As those of you attending SC08 this year begin to fill your calendars, we wanted to bring your attention back around to the second annual Cluster Challenge. Last time, we introduced you to the teams and their respective vendor sponsors. This time, we introduce you to the individual applications required during the performance qualification runs. Brent Gorda graciously gave us access to his crack team of committee members working on this year’s application requirements.
.: Ricky Kendall from ORNL is managing the computational chemistry portion of the competition by introducing GAMESS into the mix. Ricky had this to say:
GAMESS is a great application for the participants because it demonstrates the needs of cluster resources for one rather demanding field computational chemistry. Clusters configured to deal with the
GAMESS suite are able to run many applications. GAMESS stresses all of the subsystems of the computational resource, in particular memory, interconnect, processor performance. It also demonstrates some of the legacy aspects that computational scientists must deal with in the real world.
.: Tom Spelce of LLNL is managing two applications for this year’s competition. The first, WPP, simulates ground motion during earthquakes. According to Tom, it was recently in the spotlight during a simulation of the 1906 SDF earthquake.
WPP was chosen because one of the problems it simulates is the ground motion resulting from earthquakes. It is a relatively simple code which has some potential for source code modification to improve performance. WPP is the same code used by LLNL researches to reenact the 1906 San Francisco Earthquake on its 100 year anniversary.
Tom also had the task of bringing a CFD app [really a toolkit] into the competition. He chose the widely used OpenFOAM [Open Field Operation and Manipulation] Toolkit. According to Tom:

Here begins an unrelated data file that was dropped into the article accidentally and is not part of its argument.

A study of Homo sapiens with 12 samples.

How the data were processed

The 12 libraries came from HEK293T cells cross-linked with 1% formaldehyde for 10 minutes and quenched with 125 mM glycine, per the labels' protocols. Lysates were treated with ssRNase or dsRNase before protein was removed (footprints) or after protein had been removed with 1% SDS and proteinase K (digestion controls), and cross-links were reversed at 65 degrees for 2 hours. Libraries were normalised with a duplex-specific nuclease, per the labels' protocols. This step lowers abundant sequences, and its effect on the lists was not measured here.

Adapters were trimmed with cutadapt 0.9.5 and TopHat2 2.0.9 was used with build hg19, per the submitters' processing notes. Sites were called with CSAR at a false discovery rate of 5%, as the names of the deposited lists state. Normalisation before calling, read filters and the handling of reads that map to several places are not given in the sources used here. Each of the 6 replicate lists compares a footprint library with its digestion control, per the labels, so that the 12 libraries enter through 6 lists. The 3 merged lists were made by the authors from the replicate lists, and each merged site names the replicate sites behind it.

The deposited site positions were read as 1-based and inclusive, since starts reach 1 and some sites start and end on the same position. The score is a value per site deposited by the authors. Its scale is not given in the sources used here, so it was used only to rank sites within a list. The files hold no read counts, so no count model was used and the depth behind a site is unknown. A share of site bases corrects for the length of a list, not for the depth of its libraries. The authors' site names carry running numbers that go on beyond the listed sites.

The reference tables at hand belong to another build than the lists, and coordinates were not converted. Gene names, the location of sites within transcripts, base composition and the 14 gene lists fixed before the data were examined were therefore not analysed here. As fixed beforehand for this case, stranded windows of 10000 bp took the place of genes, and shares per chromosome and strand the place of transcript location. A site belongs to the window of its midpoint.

OpenFOAM is an OpenSource, parallel Computational Toolkit that can simulate a wide range of physical phenomena, from chemical kinetics, fluid flow and heat transger, to solid dynamics, electromagnetics and
even financial engineering.
.: Doug Fuller of ASU is the bio guru of the group. Bioinformatics codes is still an emerging sector of HPC. Doug chose two bio-centric applications for the competition, POY and RAxML.
POY and RAxML are two separate, related bioinformatics applications that will expose students to newly developed parallel software that is on the frontier of this young and exciting field of computationally intensive research. In particular, the datasets and results produced by these applications will be readily understood by the students and the audience: from genetic sequences, the students will use these applications to analyze the genetic differences among organisms and their relationships to each other.
We were also able to get an inside look at this year’s Cluster Challenge theme. If you recall, last year’s theme featured air racing. Keeping in line with the competitive atmosphere, the Cluster Challenge theme for 2008 will be cycling. Austin has a large contingency of cyclists, not to mention its the home of Lance Armstrong. Trek bicycles graciously donated plenty of eye candy for the event. This, being the perfect forum for such an organization. Where better to recruit the latest crop of CFD specialists right out of school?
Make sure to peddle your beach cruiser over to the Cluster Challenge showcase and check out the exciting competition.